By A GANESH NADAR
October 28, 2020 13:25 IST

IMAGE: Ponmariappan in his salon.
 

For Ponmariappan, who has been running a hair-cutting salon in Thoothukudi in southern Tamil Nadu for six years, it came as a bolt from the blue when he discovered that Prime Minister Narendra Damodardas Modi would mention him on his radio talkshow Mann Ki Baat and also interact with him briefly on October 25.

The reason Modi chose Ponmariappan was that he also runs a free library in his tiny 10x10 shop in the city/s Millerrpuram area in which he stacks some 1,500 books in Tamil for customers to read.

Speaking to A Ganesh Nadar/Rediff.com, Ponmariappan, said two days before the radio programme was aired he was invited to the All India Radio studio in town. He said he went there expecting books for his library or appreciation for running a free library.

He was sitting there having tea when officials told him that the prime minister of India wanted to speak to him. He had gone to AIR Thoothukidu at 5 pm and the prime minister's call came at 7 pm.

"He addressed me by my name and asked me how I was in Tamil. I addressed him as 'Respectful Indian prime minister' (madhippukiriya Indhiya pradhamar) and said I was fine in Tamil."

"He asked me how I got this idea of starting a library. I told him I had studied only till the 8th standard, I didn't get a chance to study further. Lots of educated people come to my shop. I thought I must also study, so I started a library for that purpose."

"He then asked me which book I liked. I said Thirukkural. He asked me these three questions in Tamil," Ponmariappan beams as he recalls the experience.

Before starting Sushil Kumar Salon and Beauty Care in 2014 he worked at an export company. A year after starting the salon he launched the library with a few books.

As he saw some people reading the books while they were waiting for their turn, he slowly started increasing the number of books. When the number of books reached 150, he made a bookstand to display them.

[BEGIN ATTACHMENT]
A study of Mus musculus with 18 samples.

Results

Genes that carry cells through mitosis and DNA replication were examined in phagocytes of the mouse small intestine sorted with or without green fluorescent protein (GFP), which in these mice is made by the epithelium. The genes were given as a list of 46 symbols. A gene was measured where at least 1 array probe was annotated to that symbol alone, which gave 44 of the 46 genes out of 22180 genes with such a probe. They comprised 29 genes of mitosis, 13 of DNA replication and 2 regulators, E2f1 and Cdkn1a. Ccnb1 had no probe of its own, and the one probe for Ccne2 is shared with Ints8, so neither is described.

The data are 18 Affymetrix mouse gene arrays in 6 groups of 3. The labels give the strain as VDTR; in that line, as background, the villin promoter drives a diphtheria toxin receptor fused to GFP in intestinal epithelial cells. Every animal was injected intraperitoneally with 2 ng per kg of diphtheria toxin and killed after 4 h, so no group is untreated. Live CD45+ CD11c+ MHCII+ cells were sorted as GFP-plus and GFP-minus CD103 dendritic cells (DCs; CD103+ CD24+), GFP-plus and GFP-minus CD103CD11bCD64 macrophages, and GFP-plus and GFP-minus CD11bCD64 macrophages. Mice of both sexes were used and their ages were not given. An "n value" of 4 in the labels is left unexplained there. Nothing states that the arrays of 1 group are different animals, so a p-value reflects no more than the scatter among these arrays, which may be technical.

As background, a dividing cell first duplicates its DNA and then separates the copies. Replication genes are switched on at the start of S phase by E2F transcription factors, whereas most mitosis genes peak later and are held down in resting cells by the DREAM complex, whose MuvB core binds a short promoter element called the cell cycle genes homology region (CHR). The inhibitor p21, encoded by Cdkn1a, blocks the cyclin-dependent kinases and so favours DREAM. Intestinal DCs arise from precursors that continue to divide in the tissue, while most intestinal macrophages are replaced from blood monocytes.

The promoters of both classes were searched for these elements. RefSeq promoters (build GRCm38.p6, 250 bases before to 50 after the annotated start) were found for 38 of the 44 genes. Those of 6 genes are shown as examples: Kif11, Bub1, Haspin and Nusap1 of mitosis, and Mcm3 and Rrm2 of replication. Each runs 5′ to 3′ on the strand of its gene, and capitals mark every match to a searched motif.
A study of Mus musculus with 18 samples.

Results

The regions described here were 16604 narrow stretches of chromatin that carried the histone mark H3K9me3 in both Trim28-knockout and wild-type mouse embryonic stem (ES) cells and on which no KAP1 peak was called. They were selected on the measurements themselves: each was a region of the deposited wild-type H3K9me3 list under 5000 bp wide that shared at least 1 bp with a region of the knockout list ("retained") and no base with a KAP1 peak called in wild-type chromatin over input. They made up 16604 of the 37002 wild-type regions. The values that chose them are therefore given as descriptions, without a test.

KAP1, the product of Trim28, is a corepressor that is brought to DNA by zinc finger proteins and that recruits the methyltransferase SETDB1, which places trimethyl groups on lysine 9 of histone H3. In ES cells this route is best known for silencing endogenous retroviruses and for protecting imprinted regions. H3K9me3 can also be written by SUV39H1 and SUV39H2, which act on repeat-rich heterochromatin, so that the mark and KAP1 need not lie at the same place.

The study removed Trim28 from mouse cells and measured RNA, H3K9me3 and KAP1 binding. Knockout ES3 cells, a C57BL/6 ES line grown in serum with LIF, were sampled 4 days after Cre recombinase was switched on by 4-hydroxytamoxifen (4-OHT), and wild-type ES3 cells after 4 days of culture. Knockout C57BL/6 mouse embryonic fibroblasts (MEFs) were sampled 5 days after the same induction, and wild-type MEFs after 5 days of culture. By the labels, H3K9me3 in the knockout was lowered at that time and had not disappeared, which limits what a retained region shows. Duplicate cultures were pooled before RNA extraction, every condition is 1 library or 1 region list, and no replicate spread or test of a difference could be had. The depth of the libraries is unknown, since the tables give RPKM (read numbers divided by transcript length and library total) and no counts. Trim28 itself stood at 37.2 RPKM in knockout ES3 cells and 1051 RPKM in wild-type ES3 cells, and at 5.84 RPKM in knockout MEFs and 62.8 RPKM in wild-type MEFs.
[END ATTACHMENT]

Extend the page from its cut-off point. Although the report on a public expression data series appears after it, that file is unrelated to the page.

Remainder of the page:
IMAGE: Customer C Dhanabal reads Kalki's Ponniyin Selvan in Ponmariappan's salon.

Even though the 39 year old didn't finish his school education, he was clear that his three children would go to school. His elder daughter is in Class 10, his younger daughter is in Class 8 and son, after who he has named his saloon, is in Class 2. All three children attend an English medium school.

The books in his library were mainly for students when they wait in his shop. He has a register in which people note down which book they were reading and also jot down their favourite lines from the book.

At regular intervals Ponmariappan holds a lucky draw for customers who write in the register with the winner getting -- not surprisingly -- a book.

He also has an MP3 player on which he plays motivational speeches for those who don't read.

The director of a Chennai library who heard of him donated 50 books to his library. He now has 1,500 books in his library, all in Tamil, on subjects ranging from history, literature, poetry, essays to general knowledge.

For a shop measuring 10x10, it is difficult to imagine 1,500 books being stored there. Ponmariappan says he has only two chairs for customers who want to cut the hair and he is the only barber. The rest of the space has been utilised for books. "You will see books in every direction in the shop," he says proudly.

"I get 25 to 50 customers on a normal day. In these pandemic times customers are very few, but they still come. Most young people use trimmers at home," he says with a grin.

Customers can only read the books in the salon. "I don't allow them to take the books home, as it will be difficult to keep track of them."

Whenever he sees young people checking their mobile phones in his salon, Ponmariappan advises them to read a book instead. "When you tell them affectionately, they listen," he says.

He also has a microphone, which he uses at low volume so that the people outside are not disturbed. "I let students read from the books on the microphone so that their stage fear goes," he adds.

"I have been coming here for four years," says C Dhanabal, 27, one of his customers. I read books on agriculture and Kalki's Ponniyin Selvan in this salon. I also discuss the books with Ponmariappan. He recommends books when I ask him."

Ponmariappan says he never thought of Prime Minister Modi till he spoke to him. "I am very happy that he called me. There are lots of good people who are doing good work in various fields. I hope he calls and appreciates them too."